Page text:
Immunity of recovered COVID-19 patients could cut risk of expanding economic activity
While attention remains focused on the number of COVID-19 deaths and new cases, a separate statistic -- the number of recovered patients -- may be equally important to the goal of minimizing the pandemic's infection rate as shelter-in-place orders are lifted.
The presumed immunity of those who have recovered from the infection could allow them to safely substitute for susceptible people in certain high-contact occupations such as healthcare, scientists say.
Dubbed "shield immunity," the anticipated protection against short-term reinfection could allow recovered patients to expand their interactions with infected and susceptible people, potentially reducing overall transmission rates when interactions are permitted to expand.
New National Science Foundation-funded modeling of the virus' behavior suggests that an intervention strategy based on shield immunity could reduce the risk of allowing the higher levels of human interaction needed to support expanded economic activity.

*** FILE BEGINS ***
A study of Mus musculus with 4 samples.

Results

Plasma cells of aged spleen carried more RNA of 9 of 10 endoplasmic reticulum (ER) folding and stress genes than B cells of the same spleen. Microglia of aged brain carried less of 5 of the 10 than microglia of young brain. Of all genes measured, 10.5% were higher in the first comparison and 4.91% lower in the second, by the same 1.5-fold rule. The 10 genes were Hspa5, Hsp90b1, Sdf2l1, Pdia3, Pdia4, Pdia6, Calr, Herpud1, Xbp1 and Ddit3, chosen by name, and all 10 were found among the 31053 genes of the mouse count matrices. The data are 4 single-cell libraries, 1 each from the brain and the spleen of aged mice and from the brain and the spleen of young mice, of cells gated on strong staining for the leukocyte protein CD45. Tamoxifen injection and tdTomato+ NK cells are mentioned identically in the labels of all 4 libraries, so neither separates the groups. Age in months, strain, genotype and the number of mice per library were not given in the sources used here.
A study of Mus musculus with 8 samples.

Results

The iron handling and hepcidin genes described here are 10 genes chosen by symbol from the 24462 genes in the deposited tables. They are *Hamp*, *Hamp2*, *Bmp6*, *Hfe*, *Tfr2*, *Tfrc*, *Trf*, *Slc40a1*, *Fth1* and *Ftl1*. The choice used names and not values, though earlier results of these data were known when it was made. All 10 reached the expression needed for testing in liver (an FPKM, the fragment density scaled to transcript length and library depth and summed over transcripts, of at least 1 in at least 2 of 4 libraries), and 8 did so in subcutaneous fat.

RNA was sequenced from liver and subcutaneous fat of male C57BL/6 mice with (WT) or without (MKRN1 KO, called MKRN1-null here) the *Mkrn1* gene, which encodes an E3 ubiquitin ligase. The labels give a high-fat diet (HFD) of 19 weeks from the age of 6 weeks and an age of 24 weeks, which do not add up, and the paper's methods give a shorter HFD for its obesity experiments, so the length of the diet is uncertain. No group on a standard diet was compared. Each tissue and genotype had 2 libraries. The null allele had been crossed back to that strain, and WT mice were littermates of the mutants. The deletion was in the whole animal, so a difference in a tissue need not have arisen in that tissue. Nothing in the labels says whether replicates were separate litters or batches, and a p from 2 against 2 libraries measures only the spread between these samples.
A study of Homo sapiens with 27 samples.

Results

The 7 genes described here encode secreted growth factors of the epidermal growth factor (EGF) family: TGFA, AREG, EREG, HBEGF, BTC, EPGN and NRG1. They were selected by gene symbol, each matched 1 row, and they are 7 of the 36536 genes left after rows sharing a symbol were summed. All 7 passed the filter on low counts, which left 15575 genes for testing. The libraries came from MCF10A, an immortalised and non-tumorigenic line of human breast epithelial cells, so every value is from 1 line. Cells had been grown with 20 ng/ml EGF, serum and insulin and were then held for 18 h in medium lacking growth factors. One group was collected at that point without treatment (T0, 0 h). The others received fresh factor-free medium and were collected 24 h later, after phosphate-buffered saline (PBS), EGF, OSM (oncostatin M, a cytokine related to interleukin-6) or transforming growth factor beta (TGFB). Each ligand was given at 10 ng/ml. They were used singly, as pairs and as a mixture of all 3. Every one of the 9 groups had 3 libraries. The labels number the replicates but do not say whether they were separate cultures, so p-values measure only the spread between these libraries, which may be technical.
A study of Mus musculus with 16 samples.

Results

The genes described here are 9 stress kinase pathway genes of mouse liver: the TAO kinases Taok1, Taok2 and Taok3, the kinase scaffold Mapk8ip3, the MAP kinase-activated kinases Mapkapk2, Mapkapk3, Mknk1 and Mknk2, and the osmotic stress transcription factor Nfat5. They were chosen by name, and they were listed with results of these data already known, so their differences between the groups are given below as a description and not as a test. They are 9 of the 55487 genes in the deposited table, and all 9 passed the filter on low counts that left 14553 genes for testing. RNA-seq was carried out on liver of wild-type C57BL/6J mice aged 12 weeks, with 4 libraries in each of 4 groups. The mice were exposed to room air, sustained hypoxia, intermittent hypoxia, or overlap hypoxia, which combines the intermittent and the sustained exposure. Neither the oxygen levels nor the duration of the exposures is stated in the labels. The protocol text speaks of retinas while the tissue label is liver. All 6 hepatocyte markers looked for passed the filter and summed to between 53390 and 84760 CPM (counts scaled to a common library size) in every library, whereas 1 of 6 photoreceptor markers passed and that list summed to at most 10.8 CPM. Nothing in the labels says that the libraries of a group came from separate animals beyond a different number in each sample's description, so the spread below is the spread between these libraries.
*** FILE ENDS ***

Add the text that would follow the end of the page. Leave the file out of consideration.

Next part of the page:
However, there are two important caveats to the strategy, the researchers found. The first is that the duration of immunity to reinfection by the SARS-CoV-2 virus remains unknown; however, individuals who survived related coronavirus infections, such as SARS (severe acute respiratory syndrome), had persistent antibodies for approximately two years -- and those who survived infection with MERS (Middle East respiratory syndrome) had evidence of immunity for approximately three years.
The second issue is that determining on a broad scale who has antibodies that may protect them from the coronavirus will require a level of reliable serological testing not yet available in the United States.
A paper describing the modeling behind the concept of shield immunity was published in the journal Nature Medicine by a team of researchers from Georgia Tech, Princeton University and McMaster University.
"This study shows that convergent research can bring together experts from different fields to produce and quantify innovative ideas to address an enormously important human problem," says Krastan Blagoev, a program director in NSF's Division of Physics.